Inverurie Works was not normally associated with diesel locomotive scrapping in the 1960s, but it now appears certain that two locomotives were scrapped there in the autumn of 1968, these being Class 24 D5051 and Class 21 D6146. Interestingly though there appears to have never been a reference to their final demise in the RO. The RO does record both still present on 28th August 1968 (p.403 11/68 RO) but nothing after that. It should also be noted that the October 1968 issue of Railway Locomotives published by the British Locomotive Society also reports D6146 being present on 28th August with the additional note “awaiting breakers yard”.
Details of their disposal actually appeared in Railway Magazine (p.180 3/69) where they are recorded as having been scrapped at Inverurie Works by January 1969. D5051 has always been recorded as such in the various disposal books although the quoted date for scrapping of 8/68 given in many appears slightly premature in light of the above RO reference , additionally Roger Harris records it still intact on 21/9/68 (p.7 The Allocation History of BR Diesels & Electrics – Part Two).
Interestingly almost every diesel disposal book lists D6146 as scrapped at J. MacWilliam & Sons, Shettleston – in either June or August 1968 where a date is given. It is only David Strickland (p.75 Locomotive Directory) and Roger Harris (p.67 The Allocation History of BR Diesels & Electrics – Part Five) who actually give the scrapping as taking place at Inverurie Works. The latter book gives September 1968 as the month of scrapping which appears more likely to be correct than the former which gives August 1968. It is true to say that the RO gave D6146 as sold to J. MacWilliam (p.246 7/68 RO) along with 22 others but notably it was the only one of those listed at Inverurie Works at the time. As this appears to be the only traced reference to a J. MacWilliam & Sons connection with this locomotive, is it possibly an error never corrected? Alternatively, was the sale cancelled as a result of a realisation that the locomotive was not fit for rail movement from Inverurie to Shettleston. No reference to D6146 being anywhere other than Inverurie Works since it arrived with collision damage in April 1965 has ever been traced which further supports this being where it met its fate.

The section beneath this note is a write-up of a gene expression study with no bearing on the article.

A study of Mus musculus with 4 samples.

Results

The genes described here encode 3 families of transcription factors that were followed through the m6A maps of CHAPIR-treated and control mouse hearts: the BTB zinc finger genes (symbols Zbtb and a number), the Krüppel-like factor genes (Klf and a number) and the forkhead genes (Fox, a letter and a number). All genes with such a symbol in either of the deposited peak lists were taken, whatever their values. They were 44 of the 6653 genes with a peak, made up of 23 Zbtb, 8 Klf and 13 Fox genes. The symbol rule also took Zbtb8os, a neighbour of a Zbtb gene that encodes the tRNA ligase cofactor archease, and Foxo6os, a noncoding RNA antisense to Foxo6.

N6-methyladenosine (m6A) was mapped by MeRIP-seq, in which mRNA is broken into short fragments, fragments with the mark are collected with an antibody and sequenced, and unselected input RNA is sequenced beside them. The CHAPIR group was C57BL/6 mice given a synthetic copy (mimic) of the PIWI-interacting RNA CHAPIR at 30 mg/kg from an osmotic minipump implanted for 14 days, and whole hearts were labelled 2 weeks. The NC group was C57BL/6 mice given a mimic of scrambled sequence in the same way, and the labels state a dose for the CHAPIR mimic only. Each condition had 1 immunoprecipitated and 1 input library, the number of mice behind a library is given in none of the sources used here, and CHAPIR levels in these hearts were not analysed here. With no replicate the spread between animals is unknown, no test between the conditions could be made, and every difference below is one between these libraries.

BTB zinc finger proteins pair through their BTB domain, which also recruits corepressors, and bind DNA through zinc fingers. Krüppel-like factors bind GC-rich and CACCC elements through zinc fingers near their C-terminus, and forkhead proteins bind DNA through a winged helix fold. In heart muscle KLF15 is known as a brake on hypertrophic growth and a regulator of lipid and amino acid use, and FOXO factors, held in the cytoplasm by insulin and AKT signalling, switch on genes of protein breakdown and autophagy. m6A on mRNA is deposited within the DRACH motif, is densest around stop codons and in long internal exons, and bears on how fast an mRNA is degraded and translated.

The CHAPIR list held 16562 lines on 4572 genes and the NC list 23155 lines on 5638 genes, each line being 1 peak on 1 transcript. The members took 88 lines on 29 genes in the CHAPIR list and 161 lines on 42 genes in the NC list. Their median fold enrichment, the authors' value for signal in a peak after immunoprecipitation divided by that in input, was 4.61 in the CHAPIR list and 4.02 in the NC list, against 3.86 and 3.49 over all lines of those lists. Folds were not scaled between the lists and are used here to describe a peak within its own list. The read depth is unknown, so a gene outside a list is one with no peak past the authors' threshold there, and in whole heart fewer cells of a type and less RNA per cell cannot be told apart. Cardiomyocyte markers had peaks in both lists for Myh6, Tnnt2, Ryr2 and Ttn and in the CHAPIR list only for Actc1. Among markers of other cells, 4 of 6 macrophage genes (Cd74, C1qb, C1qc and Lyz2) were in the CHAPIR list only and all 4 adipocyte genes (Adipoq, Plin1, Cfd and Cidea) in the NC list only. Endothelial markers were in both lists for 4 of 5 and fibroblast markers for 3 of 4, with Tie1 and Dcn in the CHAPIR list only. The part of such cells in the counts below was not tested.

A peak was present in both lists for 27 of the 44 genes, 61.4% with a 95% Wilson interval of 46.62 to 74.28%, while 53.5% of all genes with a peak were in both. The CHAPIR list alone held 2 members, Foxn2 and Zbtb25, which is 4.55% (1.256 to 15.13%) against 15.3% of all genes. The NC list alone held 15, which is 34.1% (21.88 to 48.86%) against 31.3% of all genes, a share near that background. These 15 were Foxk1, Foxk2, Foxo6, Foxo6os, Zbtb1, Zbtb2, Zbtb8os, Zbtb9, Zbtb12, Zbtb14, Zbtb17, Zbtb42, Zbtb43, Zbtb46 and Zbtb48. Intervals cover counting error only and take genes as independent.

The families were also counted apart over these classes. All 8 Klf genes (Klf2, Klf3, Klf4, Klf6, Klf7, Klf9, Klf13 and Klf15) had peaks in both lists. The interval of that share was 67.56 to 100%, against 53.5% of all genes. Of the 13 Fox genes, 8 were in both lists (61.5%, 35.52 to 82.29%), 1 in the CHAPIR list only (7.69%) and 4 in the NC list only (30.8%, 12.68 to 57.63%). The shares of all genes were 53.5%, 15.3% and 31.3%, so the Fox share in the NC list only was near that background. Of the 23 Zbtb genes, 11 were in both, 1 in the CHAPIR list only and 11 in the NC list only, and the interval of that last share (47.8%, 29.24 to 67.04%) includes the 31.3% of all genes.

One possibility is that D6146 and possibly also D5051 were sold to J. MacWilliam & Sons whom actually then scrapped them on site at Inverurie Works although this would appear unlikely. At the time Inverurie Works was being run down prior to closure and as such the scrapping of a couple of locomotives would have been an obvious way of keeping a few men busy.
The wording of the British Locomotive Society visit report to Inverurie Works on 28th August 1968 in the October 1968 issue of Railway Locomotives may actually be very relevant. This states “6146 awaiting breakers yard with D6152 which had arrived about an hour before the visit and is being broken up for spares for 6121.” Is it that what is actually being said is that 6121, 6146 and 6152 were present with 6146 awaiting the breakers yard and is being broken up for spares for 6121. This would make sense. It does though read as if 6146 was awaiting the breakers yard and 6152 was being broken up for spares for 6121. This does not make sense though as other reports suggest 6152 was moved to Eastfield in September 1968 and stayed their until February 1969.
It has to be concluded that the reason why so many disposal books list D6146 as being scrapped at J. MacWilliam & Sons, Shettleston is that they have repeated what had already been published in earlier books. The author of the first of these, Pronounced Life Extinct, obviously based his entry, in error, on the July 1968 RO reference.
Should anyone have further information regarding the accidents involving D5051 and D6146 and their subsequent histories at Inverurie please make contact. Also, any pictures of the locomotives at Inverurie would be very much welcomed.